A deep mossy green wall color elevates the design of a private water closet in the HGTV Urban Oasis 2012 guest bathroom, outfitted with both an elongated, dual-flush toilet and an Art Deco-style horizontal spray bidet.
The smart one-piece elongated dual-flush intelligent toilet with premium remote combines modern design with the latest in technology. This compact, streamlined one-piece toilet with integrated cleansing includes adjustable heated seat and foot warmer, built-in speakers and more.
A stalled water closet separates the toilet from the rest of the master bathroom in HGTV Dream Home 2015. The state-of-the-art toilet features a touch-free flush and built-in sensors for alerting the homeowner of tank leaks, a feature that is designed to save both water and money.
Sure signs for replacing a toilet include recurring clogs, porcelain cracks and scratches, and needing to replace too many parts in the tank. But these days, one reason reigns supreme for replacing the porcelain throne: water conservation. Toilet flushing accounts for nearly 30 percent of residential indoor water consumption according to the Environmental Protection Agency (EPA). You can save $2,000 over the lifetime of the toilet in your home by going with a high-performance, low-flow option. That long-term savings trumps an inexpensive, temporary fix on an older toilet model.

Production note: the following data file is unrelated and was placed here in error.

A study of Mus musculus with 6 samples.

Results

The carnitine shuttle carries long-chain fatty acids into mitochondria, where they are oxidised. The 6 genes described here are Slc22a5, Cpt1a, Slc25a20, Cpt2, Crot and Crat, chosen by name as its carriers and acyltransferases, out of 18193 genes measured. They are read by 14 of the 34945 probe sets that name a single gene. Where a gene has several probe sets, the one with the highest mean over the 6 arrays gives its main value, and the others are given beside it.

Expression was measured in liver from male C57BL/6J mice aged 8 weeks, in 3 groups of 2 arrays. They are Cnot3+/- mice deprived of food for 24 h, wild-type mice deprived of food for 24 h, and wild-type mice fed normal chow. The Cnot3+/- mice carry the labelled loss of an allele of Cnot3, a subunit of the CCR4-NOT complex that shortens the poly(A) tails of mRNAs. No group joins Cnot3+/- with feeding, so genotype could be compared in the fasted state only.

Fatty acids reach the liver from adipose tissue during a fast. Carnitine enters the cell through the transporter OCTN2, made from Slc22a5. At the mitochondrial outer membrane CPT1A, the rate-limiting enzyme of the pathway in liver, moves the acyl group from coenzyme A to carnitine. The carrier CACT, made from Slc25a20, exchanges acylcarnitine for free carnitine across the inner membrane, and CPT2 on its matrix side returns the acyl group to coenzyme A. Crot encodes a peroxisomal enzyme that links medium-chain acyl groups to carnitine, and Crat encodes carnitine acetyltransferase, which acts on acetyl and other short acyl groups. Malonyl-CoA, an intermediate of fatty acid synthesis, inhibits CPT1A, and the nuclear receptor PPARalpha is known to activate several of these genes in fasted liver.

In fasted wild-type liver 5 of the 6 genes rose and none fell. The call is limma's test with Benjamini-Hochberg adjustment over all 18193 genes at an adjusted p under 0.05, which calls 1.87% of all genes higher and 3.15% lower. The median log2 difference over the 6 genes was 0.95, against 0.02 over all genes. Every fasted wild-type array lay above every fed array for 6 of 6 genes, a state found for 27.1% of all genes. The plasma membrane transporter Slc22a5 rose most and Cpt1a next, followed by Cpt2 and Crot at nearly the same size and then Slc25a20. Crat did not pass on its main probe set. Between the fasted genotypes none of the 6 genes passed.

A blend of stone and glass mosaic tile in gray and white create a simple, sleek powder room. A large white sink rests on chrome legs next to the white toilet, which has hands-free flushing and heated seat capabilities.
A floating toilet fits perfectly in the corner of this neutral bathroom. A modern flushing button is mounted to the wall for a clean and functional look. The dark taupe floor tile adds depth to the light color palette.
Most owners on RVshare stock their rentals with basics like RV-safe toilet paper and basic kitchen utensils. Our Winnie also came with towels, bedding and even a small charcoal grill, so all we had to bring were our clothes, food and toiletries. There were a few extra items that made our trip more comfortable: Dramamine (at highway speeds, the back of a motorhome can sway like a boat); ear plugs (in case of snoring family members or loud neighbors); and air freshener—even a newer RV like the one we drove, the bathroom can generate funky smells after you flush or when the waste tanks get full. We also fell in love with a pair of Vaya Drynk travel mugs that literally kept our coffees hot for six to eight hours—having hot java at our fingertips was an unexpected luxury.